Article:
Make a “speed of light” memory variant of your code. In this case, it means making a version of your code that is just the same but clearly is NOT memory bound.
You might replace every add, accumulate, mult, etc, effectively changing from a[i]=b[i]c[i] to a=bc. This will end up using the same flops and control loops, but keep all data in registers. The speed difference between the two will show if it’s memory access causing your speed issues or not.
This strategy is endlessly useful in performance coding for CPU, SSE, and CUDA… it’s a first order test to find your bottleneck… memory? computation? latency? etc.
The one important game you have to play is to create enough chained dependencies in your math to prevent the compiler from falsely optimizing the work away, though.
So for example with the a=b*c example, that could be optimized by the compiler by unrolling the loop and keeping only the last evaluation. You have to think of ways to accumulate or mix data so it’s equivalent in terms of math and control effort but can’t be optimized by a smart compiler.
Just because AMD and Intel chips both implement SSE2 does not mean that they implement them the same way in the hardware logic. If the matrices fit into the processor cache, then that’s got to be the answer (unless there’s something else you haven’t mentioned)…or there is something funny about the way AMD is accessing their cache that’s causing your code to slow down.
If this is an absolutely critical piece of code, I’d contact AMD and send them an example and some test results to see if they can tell you what the problem is.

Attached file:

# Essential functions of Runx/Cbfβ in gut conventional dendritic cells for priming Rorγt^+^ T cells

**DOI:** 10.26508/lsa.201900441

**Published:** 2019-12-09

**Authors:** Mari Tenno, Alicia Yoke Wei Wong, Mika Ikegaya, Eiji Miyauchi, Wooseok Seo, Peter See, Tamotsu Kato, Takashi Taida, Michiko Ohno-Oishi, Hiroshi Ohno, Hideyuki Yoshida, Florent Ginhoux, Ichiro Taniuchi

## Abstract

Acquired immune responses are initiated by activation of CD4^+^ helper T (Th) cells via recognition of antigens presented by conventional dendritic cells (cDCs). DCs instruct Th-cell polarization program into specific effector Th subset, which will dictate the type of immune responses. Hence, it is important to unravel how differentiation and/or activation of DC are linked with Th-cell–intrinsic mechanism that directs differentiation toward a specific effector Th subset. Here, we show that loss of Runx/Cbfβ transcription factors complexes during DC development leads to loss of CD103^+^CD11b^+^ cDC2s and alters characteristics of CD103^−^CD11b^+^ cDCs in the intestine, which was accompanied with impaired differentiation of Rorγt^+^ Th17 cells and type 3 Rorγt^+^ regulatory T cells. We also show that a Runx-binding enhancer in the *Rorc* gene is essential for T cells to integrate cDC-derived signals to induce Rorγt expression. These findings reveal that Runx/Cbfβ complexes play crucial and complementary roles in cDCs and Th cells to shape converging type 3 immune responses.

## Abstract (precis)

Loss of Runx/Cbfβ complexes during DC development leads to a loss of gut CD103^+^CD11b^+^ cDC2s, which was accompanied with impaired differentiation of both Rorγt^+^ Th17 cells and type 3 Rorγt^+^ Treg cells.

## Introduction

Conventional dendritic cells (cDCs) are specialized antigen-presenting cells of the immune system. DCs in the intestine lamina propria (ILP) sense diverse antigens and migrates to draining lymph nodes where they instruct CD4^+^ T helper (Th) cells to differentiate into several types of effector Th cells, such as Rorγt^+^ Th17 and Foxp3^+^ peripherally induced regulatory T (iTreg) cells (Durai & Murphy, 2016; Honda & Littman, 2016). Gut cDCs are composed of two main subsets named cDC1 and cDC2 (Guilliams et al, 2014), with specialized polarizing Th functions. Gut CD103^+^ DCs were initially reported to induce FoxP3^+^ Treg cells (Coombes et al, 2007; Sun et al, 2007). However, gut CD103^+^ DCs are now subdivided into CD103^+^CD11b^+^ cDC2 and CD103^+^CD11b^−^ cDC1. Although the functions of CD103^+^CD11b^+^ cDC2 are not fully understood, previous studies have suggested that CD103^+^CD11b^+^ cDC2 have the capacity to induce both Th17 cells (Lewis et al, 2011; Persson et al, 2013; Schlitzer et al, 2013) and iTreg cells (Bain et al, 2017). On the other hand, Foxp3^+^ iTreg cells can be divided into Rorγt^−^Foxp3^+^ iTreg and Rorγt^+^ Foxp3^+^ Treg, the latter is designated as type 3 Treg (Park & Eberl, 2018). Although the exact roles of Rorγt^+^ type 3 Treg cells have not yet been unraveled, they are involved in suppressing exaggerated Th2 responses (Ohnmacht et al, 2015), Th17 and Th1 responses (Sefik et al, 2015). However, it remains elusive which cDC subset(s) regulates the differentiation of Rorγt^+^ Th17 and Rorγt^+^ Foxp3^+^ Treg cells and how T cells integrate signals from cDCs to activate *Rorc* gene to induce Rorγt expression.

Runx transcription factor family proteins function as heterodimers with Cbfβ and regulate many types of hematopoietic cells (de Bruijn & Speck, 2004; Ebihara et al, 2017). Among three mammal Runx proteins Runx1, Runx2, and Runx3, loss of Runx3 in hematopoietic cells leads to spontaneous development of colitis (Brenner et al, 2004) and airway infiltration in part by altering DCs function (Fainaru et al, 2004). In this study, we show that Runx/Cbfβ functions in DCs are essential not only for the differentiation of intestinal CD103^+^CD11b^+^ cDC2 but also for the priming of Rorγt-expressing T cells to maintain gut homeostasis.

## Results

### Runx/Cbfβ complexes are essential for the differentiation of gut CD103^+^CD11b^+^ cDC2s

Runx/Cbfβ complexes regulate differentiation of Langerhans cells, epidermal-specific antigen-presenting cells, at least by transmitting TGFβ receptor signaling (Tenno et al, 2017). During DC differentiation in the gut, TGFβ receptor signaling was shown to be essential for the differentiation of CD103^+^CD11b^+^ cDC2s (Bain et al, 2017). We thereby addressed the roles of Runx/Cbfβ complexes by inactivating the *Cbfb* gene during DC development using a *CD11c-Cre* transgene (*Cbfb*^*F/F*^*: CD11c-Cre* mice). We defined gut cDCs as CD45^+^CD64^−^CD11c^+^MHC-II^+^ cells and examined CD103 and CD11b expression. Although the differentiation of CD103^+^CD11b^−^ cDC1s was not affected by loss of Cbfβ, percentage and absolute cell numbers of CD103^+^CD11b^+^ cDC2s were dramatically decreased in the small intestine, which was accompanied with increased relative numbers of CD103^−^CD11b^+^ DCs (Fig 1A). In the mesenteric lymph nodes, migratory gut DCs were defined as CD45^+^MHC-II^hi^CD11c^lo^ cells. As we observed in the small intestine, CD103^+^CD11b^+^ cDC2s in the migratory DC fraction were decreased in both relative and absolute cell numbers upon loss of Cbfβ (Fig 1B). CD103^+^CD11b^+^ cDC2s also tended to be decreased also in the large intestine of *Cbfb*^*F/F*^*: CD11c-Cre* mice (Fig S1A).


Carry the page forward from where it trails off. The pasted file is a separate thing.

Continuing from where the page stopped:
You might want to consider taking a look at some of the performance counters available on AMD processors. Specifically cache misses might be insightful. Just because your data set can fit in the L2 cache does not mean that you are not thrashing the L1 or instruction cache. There are a lot of low level factors that could be hurting you here. I have seen cases, for example, where a critical instruction was misaligned in the instruction cache (spread across 2 lines) such that only one instruction could be fetched per cycle by a decode unit that is normally able to handle 2. Adding a nop before the instruction so that the inner loop would be packed into a single cache line literally doubled the performance of the code.
Unless you are doing this as an exercise for your own education I would strongly suggest that you just use an implementation from AMD’s math kernel library, or a similar high performance library like GOTO or ATLAS. These can usually hit 70-90% of the theoretical GFLOPs of a particular cpu.